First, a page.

So there I was. It was Christmas Eve. Two days earlier I had finally finished my second book. The first draft had been printed off. The plan was to leave it, to forget about, to not even look at it, for a few months. Then, on one lonesome evening, I would pick up the manuscript and go through it with a red pen. But something dreadful would happen before I got the chance.
It is important that no one sees a freshly finished novel, you see, you get so close to the material that after a while all the mistakes become invisible to you. You know the story so well that it doesn’t matter how much you concentrate your mind fills in the blanks. If I write probable instead of probably I won’t notice it. My brain knows what word to expect and my eyes will pass over it without seeing the mistake. This is why you need a few months after finishing the book before you start proof reading it. And that was my intention with A Scoundrel for Love (the first in a series of humorous books based at the stately Rochdale Manor).
As I was saying, it was Christmas Eve. Some of my parent’s friends were round for drinks. One of them, a man named Steve, asked me how my writing was going.
“It’s going well,” I said, “In fact I’ve just finished a novel.”
“Oh, I would love to have a look at it.”
“Sure, why not.” I said, and scurried off to fetch it. That was my mistake. I blame the booze.
He read the first paragraph aloud (at least this much was error free);
“It’s strange being killed. I never thought I’d say it but it is. It’s annoying. Especially when you have no idea why you are being killed. Here I am, standing at the toilet with my pyjamas around my ankles and in walks a man with the intent to do harm. Perhaps I’m somehow to blame? Who knows? Either way, whether I am to be blamed or not, adjustments to my situation must clearly be made. Being drowned in a toilet is not something I take pleasure in. And it is certainly not the way I wish to uncoil my mortal spring, as they say. In the throes of death the automatic instincts of self-preservation set forth a plan of retaliation. My limbs reacted accordingly on my behalf.”
Everyone chuckled. There were positive murmurs.
“Oh, hold on, there’s a disclaimer before the first chapter,” he said, and then read on;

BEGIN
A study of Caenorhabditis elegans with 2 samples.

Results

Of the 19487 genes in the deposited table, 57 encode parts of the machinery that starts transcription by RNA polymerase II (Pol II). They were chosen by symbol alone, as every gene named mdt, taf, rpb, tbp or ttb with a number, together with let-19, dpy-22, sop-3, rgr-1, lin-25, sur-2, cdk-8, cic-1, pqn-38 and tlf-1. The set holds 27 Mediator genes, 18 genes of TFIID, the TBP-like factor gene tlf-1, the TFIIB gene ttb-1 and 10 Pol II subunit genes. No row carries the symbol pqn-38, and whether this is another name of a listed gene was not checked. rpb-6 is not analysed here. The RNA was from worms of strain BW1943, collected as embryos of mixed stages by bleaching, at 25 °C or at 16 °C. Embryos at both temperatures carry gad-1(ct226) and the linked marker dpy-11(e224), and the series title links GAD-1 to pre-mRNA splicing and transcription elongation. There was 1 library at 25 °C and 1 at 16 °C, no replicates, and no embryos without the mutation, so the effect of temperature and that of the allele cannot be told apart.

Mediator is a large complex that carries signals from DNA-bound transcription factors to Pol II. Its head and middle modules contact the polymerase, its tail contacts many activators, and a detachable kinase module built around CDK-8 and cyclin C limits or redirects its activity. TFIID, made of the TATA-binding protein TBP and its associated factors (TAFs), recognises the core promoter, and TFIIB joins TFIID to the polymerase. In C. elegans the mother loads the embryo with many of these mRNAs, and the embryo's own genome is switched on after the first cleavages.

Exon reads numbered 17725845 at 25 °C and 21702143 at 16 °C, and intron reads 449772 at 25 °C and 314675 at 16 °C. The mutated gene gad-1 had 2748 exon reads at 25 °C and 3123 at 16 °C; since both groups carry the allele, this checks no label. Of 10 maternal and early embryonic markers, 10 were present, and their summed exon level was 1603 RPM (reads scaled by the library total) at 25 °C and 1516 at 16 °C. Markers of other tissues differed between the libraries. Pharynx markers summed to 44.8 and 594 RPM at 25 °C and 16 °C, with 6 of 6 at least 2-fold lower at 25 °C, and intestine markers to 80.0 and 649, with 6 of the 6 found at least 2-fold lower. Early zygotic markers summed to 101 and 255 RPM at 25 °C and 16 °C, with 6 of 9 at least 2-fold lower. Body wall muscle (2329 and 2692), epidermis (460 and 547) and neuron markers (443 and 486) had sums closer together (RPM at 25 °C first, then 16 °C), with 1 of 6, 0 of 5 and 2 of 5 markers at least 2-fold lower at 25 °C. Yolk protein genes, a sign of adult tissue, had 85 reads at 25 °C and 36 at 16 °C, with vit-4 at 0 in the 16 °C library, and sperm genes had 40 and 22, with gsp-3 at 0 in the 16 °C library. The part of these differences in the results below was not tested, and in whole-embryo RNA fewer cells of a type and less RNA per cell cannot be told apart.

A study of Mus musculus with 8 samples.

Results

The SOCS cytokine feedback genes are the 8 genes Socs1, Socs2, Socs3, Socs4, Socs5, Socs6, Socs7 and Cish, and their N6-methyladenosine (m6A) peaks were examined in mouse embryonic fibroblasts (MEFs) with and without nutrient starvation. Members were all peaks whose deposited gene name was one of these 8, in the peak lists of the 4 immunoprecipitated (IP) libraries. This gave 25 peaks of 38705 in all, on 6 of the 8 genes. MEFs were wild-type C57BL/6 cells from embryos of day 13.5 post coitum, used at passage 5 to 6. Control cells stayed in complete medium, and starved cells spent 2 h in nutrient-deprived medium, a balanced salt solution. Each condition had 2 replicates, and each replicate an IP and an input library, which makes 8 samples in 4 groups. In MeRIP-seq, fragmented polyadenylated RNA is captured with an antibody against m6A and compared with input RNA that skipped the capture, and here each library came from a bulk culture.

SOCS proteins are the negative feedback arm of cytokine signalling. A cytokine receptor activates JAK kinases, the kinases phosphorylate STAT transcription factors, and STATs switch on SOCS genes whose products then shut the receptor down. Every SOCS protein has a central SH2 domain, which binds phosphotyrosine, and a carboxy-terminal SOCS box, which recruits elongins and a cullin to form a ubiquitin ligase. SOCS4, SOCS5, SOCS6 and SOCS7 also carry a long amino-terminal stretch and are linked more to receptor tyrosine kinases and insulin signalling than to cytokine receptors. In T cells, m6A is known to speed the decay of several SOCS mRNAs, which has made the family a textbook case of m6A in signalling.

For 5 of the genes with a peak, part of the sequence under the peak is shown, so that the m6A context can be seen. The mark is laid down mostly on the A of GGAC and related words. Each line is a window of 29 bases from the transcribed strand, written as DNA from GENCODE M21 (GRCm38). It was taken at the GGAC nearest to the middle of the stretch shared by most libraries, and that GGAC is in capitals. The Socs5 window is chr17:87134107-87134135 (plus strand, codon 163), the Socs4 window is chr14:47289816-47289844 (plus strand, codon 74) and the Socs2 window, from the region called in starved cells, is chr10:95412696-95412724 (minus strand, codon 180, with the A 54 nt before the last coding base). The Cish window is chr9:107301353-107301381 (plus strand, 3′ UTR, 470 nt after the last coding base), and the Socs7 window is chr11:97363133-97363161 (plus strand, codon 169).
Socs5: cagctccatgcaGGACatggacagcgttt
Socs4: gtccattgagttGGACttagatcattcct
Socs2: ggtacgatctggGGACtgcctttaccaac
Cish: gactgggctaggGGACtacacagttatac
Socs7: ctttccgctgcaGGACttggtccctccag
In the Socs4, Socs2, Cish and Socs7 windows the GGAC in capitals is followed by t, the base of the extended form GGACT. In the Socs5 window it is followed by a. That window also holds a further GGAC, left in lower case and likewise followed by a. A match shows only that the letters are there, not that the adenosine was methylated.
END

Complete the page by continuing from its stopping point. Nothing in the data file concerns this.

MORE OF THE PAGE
“As a result of lazy research the descriptions of the Whyte and Mackay distillery are entirely made up and so any attempt to carry out the heist described in these pages would be completely idiotic and utterly fruitless.”
More laughs. Things were going well.
Steve put the manuscript down and said he would have a proper look later. After all, the night was early and this was a Christmas gathering not a reading circle. I snuck away and left them to it.
When I went back to my parents lounge a few hours later (having spent some quality time being drunk with my brother) I discover my parents sitting alone watching TV.
“Have they gone?” I said.
“Yes, they left about ten minutes ago.”
“Oh, is my book in here somewhere?”
They frowned. “No, Steve took it with him to read on the train.”
“It hasn’t been edited. He’s going to think I’m an illiterate idiot!”
I rushed off and switched on my laptop just to read the first few chapters. And there they were, the glaringly obvious mistakes you become blind to. The word Authorities where it should have said authoritative. And for some reason (unfathomably! A relic from an early change perhaps) the word bucket instead of cave (how can that even be!). I had also written the word to instead of the. And, oh no, at some point, when I was just getting started with this book one of the characters was called Uncle Henry. It soon changed to Uncle Harry. But it looks like I missed a mention of him early on and within a few pages his name suddenly changes from Harry, to Henry, and back again!
For New Year’s Eve my parents met Steve and his wife for dinner. He mentioned it. He asked my dad if he thought I would mind if he went through it with a red pen and pick out the mistakes.
And actually I don’t mind that. I did have a friend of mine who teaches English to proof read it for me anyway. At least now when I do send it to him he will think I’m capable of producing a far more polished piece of writing than I actually am.
Still, it is a lesson learned. And if Steve turns out to be a good proof reader at least I might be able to rely on him for that in the future. All published authors have an editor and a proof reader. It must be accepted that a writer can’t write tens of thousands of words without the occasional error (there may be one or two exceptions out of the millions of published authors but they will be an extreme minority).
I’m glad in a way that my unfinished manuscript was accidently stolen from me. It will mean that when I send it out to agents and publishers it will be the best it can be.
I’ll let you know when I get the manuscript back exactly how bad the damage is.